Tory mayor candidate Shaun Bailey has promised to build 100,000 new homes for young londoners, if he is elected next year, Property Secrets reports.
Bailey will be up for election in May 2021 and has outlined plans to build ‘millennial homes’ that are aimed at young Londoners – to buy for £100,000 or a deposit of just £5,000.
The properties will be part of the shared ownership scheme where up to 10 people can buy a share in a newly built home.
The announcement will be made this week in Erith, South East London and he is quoted saying:
“The overwhelming majority of Londoners want to own a home and the mayor of London’s job is to help make that happen.”
“But over the last four years, Sadiq Khan mostly built homes for renting, not buying — locking a generation of Londoners into rented accommodation, unable to save for a deposit.
“So during my first term as Mayor, I’ll fund the construction of 100,000 millennial homes to be sold at £100,000 each.”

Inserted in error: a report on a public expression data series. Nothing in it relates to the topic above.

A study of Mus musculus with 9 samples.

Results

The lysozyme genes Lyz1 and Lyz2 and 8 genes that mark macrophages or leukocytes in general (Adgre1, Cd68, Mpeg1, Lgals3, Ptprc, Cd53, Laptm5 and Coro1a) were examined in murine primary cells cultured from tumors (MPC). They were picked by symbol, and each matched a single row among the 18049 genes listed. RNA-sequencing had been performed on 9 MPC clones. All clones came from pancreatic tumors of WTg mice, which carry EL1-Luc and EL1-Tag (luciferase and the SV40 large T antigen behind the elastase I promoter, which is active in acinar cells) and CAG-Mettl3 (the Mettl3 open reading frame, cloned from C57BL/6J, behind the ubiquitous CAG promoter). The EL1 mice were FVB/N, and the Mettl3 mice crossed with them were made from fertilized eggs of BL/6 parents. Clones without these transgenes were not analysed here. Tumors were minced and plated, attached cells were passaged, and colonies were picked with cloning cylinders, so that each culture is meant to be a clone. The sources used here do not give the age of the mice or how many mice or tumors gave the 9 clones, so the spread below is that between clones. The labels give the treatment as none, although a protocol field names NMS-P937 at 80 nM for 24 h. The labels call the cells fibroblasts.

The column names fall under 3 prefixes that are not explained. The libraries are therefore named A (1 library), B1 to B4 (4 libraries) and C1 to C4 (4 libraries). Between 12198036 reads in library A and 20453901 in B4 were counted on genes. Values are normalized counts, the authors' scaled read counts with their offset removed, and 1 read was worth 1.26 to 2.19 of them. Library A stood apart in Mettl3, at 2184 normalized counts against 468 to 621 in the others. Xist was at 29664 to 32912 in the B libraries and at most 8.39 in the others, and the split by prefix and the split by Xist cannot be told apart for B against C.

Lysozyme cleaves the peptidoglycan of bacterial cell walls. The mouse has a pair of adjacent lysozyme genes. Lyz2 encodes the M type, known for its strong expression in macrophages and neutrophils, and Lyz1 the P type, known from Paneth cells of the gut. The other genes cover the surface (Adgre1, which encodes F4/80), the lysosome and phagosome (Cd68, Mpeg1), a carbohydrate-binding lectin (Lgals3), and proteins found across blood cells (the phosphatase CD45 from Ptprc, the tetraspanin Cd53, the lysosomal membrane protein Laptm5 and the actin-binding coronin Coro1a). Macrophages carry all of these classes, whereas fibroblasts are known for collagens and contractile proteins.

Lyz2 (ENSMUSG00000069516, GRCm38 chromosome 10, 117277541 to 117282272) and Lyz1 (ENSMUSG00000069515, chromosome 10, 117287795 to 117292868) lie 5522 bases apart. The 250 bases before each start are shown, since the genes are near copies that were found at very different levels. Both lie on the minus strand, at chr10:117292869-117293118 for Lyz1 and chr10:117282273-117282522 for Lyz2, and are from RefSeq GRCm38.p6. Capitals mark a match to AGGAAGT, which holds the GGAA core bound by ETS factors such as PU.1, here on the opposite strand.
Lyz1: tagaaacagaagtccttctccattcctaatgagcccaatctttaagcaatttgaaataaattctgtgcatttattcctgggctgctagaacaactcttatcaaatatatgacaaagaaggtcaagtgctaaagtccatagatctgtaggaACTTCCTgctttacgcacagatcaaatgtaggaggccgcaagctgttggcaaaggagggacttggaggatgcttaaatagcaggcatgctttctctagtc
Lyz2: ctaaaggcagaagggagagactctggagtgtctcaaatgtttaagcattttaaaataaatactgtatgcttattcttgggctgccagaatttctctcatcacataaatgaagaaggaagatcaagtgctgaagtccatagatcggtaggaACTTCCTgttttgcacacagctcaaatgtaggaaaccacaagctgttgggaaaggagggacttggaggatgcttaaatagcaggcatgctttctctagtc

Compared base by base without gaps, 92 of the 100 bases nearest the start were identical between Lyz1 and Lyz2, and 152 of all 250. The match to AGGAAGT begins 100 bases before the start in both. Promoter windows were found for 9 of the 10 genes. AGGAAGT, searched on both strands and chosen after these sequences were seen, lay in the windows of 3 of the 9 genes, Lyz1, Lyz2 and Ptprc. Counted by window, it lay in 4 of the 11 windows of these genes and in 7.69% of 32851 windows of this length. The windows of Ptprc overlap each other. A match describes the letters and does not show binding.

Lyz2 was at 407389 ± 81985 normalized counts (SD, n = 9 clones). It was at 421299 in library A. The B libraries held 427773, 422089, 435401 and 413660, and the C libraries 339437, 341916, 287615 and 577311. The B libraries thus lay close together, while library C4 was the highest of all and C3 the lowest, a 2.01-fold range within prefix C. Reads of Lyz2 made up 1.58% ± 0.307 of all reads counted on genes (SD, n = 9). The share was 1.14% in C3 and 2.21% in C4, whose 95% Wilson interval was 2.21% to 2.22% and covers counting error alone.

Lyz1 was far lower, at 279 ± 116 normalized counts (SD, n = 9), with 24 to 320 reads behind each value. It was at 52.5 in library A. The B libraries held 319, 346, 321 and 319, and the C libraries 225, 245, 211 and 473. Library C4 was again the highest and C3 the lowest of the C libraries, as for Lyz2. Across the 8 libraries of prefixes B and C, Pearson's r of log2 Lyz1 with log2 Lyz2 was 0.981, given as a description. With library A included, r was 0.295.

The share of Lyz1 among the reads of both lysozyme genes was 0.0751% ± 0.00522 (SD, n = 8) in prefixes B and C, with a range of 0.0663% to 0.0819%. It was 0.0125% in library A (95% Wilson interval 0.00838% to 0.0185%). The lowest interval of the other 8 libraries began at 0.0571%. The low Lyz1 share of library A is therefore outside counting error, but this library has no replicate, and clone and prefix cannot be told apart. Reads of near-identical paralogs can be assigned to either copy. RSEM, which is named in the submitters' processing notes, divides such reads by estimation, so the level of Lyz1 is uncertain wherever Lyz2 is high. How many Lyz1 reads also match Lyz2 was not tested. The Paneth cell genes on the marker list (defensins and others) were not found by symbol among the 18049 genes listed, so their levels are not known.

“I spent parts of my twenties homeless, wondering whether I’d ever get on the housing ladder,” he will say.
“Shared Ownership was the first step on the housing ladder for me and my priority is to give more young people the same opportunity too.”
Young buyers were given a lifeline earlier this year following the stamp duty cut implemented by the Chancellor Rishi Sunak. Until 31st March 2021, any homes under £500,000 in the UK will not be subject to any stamp duty, giving the average buyer a saving of £10,000 to £15,000 – a move which has seen a huge surge in demand for house purchases and property growth of 5% compared to this time last year.
Any new initiatives will be welcomed by construction firms, estate agents and financiers who rely heavily on property market trends. The promise of new developments will be welcomed by some of the UK’s fast-growing home developers including Griggs, Berkeley Group and Linden Homes.
However, some property experts have warned of the possible hangover for when the stamp duty cuts end in March 2021. Given that mortgages and property purchases are heavily evaluated on income and employment levels, this will create uncertainty and unpredictability when the furlough scheme officially ends and the economy continues to be affected or starts to recover from the impact of covid-19.